BAGHDAD — American-backed Sunni militias who have fought Sunni extremists to a standstill in some of Iraq’s bloodiest battlegrounds are being hit with a wave of assassinations and bomb attacks, threatening a fragile linchpin of the military’s strategy to pacify the nation.
At least 100 predominantly Sunni militiamen, known as Awakening Council members or Concerned Local Citizens, have been killed in the past month, mostly around Baghdad and the provincial capital of Baquba, urban areas with mixed Sunni and Shiite populations, according to Interior Minister Jawad al-Bolani. At least six of the victims were senior Awakening leaders, Iraqi officials said.
Violence is also shaking up the Awakening movement, many of whose members are former insurgents, in its birthplace in the Sunni heartland of Anbar Province. On Sunday, a teenage suicide bomber exploded at a gathering of Awakening leaders, killing Hadi Hussein al-Issawi, a midlevel sheik, and three other tribesmen.
Born nearly two years ago in Iraq’s western deserts, the Awakening movement has grown to an 80,000-member nationwide force, four-fifths of whose members are Sunnis. American military officials credit that force, along with the surge in United States troops, the Mahdi Army’s self-imposed cease-fire and an increase in Iraqi security forces, for a precipitous drop in civilian and military fatalities since July.
But the recent onslaught is jeopardizing that relative security and raising the prospect that the groups’ members might disperse, with many rejoining the insurgency, American officials said.
“There’s a recognition that sustained attacks cannot continue,” said a United States official who was not authorized to speak publicly. “We’ve got to break that.” The official said that American military and intelligence officials were taking the threat to the Awakening movement “very seriously.”
American and Iraqi officials blame Al Qaeda in Mesopotamia for most of the killings, which spiked after the Dec. 29 release of an audio recording in which Osama bin Laden called the volunteer tribesmen “traitors” and “infidels.” While the organization is overwhelmingly Iraqi and Sunni, American military officials say it has foreign leadership, though its links with Mr. bin Laden himself are unclear.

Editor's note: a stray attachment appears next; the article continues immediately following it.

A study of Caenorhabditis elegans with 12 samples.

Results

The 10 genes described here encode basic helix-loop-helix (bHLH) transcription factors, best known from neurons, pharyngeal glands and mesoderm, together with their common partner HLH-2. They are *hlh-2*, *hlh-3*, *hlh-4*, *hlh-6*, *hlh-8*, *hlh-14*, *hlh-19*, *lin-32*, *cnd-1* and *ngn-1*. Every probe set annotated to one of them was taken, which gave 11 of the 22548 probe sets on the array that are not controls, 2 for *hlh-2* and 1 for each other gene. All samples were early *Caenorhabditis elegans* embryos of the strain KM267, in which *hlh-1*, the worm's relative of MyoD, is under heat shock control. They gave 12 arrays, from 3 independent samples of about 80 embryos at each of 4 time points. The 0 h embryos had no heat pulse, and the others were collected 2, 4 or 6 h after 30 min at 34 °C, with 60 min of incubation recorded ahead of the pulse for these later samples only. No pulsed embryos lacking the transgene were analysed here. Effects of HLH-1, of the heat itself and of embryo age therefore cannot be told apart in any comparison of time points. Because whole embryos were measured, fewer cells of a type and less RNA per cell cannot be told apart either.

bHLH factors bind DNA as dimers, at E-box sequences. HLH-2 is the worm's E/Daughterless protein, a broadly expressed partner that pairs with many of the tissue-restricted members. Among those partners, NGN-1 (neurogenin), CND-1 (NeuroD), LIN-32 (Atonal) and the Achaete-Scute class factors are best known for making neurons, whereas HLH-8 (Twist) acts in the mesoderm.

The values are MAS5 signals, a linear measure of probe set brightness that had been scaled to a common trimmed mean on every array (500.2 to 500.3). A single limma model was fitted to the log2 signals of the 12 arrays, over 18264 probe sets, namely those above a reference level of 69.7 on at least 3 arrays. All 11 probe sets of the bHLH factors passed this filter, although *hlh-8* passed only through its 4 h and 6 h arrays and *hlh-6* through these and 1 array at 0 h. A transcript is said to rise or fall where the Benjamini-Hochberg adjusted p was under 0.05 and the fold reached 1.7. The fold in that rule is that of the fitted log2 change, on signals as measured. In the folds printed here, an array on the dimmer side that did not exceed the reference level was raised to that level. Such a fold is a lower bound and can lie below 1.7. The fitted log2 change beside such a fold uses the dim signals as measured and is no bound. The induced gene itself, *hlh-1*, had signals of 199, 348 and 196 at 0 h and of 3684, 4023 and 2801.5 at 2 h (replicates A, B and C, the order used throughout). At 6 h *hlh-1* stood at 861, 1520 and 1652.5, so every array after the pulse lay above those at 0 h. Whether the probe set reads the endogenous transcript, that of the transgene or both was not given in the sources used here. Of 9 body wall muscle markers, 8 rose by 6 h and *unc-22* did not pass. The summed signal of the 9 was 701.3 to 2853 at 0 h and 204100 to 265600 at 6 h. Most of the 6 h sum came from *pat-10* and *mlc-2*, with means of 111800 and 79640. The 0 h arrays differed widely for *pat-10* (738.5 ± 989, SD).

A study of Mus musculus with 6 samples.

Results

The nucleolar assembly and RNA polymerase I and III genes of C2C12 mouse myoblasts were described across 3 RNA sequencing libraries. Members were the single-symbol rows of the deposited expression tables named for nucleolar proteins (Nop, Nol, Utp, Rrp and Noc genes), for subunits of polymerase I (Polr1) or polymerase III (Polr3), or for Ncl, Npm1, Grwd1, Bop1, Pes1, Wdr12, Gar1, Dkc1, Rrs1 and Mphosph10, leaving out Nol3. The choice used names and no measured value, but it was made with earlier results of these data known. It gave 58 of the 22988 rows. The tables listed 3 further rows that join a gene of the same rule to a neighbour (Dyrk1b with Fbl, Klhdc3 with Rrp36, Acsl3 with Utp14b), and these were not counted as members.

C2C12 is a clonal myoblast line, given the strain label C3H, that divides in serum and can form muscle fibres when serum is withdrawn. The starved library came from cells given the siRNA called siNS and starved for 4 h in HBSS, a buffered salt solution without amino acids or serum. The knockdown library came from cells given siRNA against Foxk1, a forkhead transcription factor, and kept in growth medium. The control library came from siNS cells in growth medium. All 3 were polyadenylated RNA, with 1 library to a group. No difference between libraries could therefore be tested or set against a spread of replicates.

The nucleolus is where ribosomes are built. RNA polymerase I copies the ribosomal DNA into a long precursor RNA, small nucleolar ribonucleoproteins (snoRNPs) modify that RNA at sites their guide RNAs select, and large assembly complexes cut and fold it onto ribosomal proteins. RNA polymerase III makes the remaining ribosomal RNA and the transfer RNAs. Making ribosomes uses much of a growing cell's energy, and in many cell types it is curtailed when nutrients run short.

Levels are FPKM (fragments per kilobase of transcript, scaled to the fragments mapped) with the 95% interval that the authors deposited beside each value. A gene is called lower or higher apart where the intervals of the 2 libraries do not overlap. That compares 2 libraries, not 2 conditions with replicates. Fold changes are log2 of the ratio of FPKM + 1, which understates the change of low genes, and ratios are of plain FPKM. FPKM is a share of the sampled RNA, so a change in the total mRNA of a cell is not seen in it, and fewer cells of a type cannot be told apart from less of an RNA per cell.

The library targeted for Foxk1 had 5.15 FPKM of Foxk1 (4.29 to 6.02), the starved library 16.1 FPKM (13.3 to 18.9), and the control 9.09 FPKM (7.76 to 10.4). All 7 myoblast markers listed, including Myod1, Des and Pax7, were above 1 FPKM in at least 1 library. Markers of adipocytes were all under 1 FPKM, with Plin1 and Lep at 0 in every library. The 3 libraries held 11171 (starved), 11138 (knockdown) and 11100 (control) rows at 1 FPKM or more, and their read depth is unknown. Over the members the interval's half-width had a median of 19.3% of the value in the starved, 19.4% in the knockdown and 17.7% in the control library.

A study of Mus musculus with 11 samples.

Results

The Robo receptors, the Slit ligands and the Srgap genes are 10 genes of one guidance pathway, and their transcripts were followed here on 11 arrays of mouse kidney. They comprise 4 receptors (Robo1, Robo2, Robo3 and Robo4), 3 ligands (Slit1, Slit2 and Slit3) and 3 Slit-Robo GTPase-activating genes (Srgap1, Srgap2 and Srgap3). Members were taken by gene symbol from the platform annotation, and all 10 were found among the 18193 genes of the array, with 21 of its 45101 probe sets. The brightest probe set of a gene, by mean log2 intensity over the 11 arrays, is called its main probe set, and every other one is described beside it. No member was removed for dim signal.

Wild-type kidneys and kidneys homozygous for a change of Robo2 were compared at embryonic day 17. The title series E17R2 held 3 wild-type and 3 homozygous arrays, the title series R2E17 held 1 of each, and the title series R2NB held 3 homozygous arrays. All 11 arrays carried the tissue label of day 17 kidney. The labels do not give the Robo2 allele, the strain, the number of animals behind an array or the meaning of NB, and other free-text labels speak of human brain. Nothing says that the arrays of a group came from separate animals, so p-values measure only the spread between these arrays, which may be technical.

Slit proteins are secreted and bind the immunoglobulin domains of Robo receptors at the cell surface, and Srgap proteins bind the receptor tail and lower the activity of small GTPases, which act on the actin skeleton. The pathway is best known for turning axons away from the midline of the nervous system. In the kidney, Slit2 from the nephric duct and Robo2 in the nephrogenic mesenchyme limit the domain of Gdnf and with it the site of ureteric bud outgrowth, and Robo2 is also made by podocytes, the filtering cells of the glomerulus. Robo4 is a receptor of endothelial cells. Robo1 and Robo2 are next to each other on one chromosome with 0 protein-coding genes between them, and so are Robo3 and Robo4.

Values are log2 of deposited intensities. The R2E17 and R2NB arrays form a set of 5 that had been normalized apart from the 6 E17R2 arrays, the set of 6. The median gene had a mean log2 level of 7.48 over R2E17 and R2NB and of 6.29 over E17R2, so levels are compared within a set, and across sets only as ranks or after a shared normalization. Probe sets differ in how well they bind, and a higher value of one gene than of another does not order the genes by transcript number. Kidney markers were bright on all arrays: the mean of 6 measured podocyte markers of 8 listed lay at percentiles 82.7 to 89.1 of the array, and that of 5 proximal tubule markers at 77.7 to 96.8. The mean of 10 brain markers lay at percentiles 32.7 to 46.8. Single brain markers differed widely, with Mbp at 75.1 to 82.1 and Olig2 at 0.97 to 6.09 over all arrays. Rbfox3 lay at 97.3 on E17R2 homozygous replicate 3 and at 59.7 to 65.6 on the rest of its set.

Officials say that Al Qaeda in Mesopotamia has a two-pronged strategy: directing strikes against Awakening members to intimidate and punish them for cooperating with the Americans, and infiltrating the groups to glean intelligence and discredit the movement in the eyes of an already wary Shiite-led government. “Al Qaeda is trying to assassinate all the Awakening members that support the government, but I believe that criminal militias are also doing this,” Mr. Bolani said during a recent interview in Taji.
Both Sunni and Shiite officials in Baghdad blame two government-linked Shiite paramilitary forces for some of the attacks: the Mahdi Army and the Badr Organization. Sunni officials charge that militia leaders are involved, while Shiite officials believe that the attackers are renegade members of the groups. Both militias have close ties to Iran and have been implicated in death-squad operations against Sunni Arabs, although the Mahdi militia’s leaders have publicly told their members to abide by a cease-fire.
Citizen guardsmen and Iraqi intelligence officials say they have also captured Iranians with hit lists and orders to attack Awakening members. American military officials say they suspect that Iran’s paramilitary force, Al Quds, is directing the Shiite militias’ attacks against the Awakening movement. But other than finding Iranian-made weapons, which are sometimes used by Shiite militia fighters, American military officials offered no evidence that Iranians were participating in direct attacks. “Right now, the Concerned Local Citizens groups are being heavily targeted by Al Qaeda,” said Brig. Gen. Mark McDonald, who is working with the volunteers. “They’re also being targeted by some Shiite extremist groups.”
Killings of guardsmen are mounting even as Awakening members are becoming increasingly frustrated with the Iraqi government, which has yet to fulfill its promise to integrate 20 percent of the volunteers into the Ministries of Interior and Defense and give nonsecurity jobs to the rest — a process that American officials say could take until the end of the year.
“If I give you a gun and tell you to stand at a checkpoint but I don’t give you support, how long will you stay?” asked Khadum Abu Aya, one of the Awakening leaders in Adhamiya, a neighborhood in northwest Baghdad that was once dominated by Sunni insurgents.
Officials in Baghdad who support the movement worry that if attacks on the tribal forces continue without faster progress by the Iraqi government, Awakening members could begin to fall away, harden into antigovernment militias or even rejoin the Sunni Arab insurgency.